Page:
What gets measured improves, what is rewarded or recognised gets done


When I set myself a goal, or have a target to achieve, I find that I usually start off with a hiss and a roar, but nearly always lose the plot somewhere in the middle.

My focus wavers and I come up with excuses about why the goal can’t be achieved or isn’t important.

I find every lame reason for not pushing on – including blaming others. If I can’t blame someone else, I’ll find some other way to take the pressure off myself.

The best way to avoid ‘mid-goal blues’ is to set up a realistic strategy before you start. This strategy should include measurable checkpoints or – as they say in the business world – ‘key performance indicators’.

Break your goal down into measurable chunks, and take on a bit at a time, step by step – that way you won’t end up feeling so over-whelmed. The number of milestones, stages or steps you need to create will depend on the timeframe of the overall goal. There needs to be some kind of reward when you achieve each milestone.

For example, perhaps you have decided to go for a month without alcohol or sugar. You could break this goal down into 24 hour periods, and have a little celebration at the end of each day, rewarding yourself with something you enjoy (but not alcohol or sugar!).  Then, at the end of each week, you could shout yourself out to the movies or some other activity you enjoy.

If you have a weight loss goal, divide up the total number of kilo-grams you want to lose and create milestones and rewards along the way. Or you might do a 12-week exercise programme that has specific fitness and weight loss (or gain) milestones and outcomes. I like 90-day goals because they have a long enough timeframe to allow for some pretty big achievements, but they are short enough so that the end is always in sight.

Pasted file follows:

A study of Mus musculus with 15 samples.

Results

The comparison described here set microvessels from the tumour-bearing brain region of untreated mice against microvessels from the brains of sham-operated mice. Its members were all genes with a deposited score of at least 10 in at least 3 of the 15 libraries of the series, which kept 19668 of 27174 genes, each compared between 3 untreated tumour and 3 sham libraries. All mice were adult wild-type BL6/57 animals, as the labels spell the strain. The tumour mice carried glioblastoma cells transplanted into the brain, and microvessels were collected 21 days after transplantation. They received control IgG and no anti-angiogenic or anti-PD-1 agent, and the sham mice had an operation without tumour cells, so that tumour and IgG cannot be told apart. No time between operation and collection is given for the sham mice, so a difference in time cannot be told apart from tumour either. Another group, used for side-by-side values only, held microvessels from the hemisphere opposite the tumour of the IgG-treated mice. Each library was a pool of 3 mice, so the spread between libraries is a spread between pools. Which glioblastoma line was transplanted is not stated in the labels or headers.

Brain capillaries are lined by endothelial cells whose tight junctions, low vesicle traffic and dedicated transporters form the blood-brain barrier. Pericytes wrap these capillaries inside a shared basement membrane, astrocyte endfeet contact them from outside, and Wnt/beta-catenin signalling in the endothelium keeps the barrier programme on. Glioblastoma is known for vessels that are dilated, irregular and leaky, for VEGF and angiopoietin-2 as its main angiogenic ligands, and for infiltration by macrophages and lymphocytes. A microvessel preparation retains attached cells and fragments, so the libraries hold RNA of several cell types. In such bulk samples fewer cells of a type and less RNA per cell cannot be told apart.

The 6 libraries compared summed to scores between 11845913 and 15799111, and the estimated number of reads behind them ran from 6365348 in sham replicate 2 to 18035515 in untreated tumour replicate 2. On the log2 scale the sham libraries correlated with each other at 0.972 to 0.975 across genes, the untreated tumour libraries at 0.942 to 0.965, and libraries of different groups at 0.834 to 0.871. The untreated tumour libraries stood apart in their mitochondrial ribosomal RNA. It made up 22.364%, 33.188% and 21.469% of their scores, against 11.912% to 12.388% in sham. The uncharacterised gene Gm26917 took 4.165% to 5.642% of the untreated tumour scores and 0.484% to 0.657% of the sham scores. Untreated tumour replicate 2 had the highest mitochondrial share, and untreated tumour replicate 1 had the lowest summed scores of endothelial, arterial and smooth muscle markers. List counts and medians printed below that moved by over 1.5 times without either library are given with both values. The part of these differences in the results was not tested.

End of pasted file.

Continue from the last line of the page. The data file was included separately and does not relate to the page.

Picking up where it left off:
Studying can be tedious – especially if you have years of it ahead of you. No one enjoys every facet of the study or work they have to do – you just have to remind yourself that every moment you have your head down and your bum up is taking you closer to your dream.

Divide up the degree or course of study into years, and then into semesters. Look at what you have to do right now and create mile-stones. I do this when writing books. First I create the outline, the introduction and all the chapter titles. Then I beaver away at a re-alistic pace that will allow me to reach a set deadline.

The best way to avoid ‘mid-goal blues’ is to set up a realistic strategy before you start

Measurements and milestones will keep you on track, but treat the process as a tool to guide you and not a weapon you use to beat yourself up. Meanwhile, your rewards should be enough to keep you going, but not better than the ultimate reward, which is the completion of the goal. Whatever your goal, make sure the out-come inspires you enough to last the distance.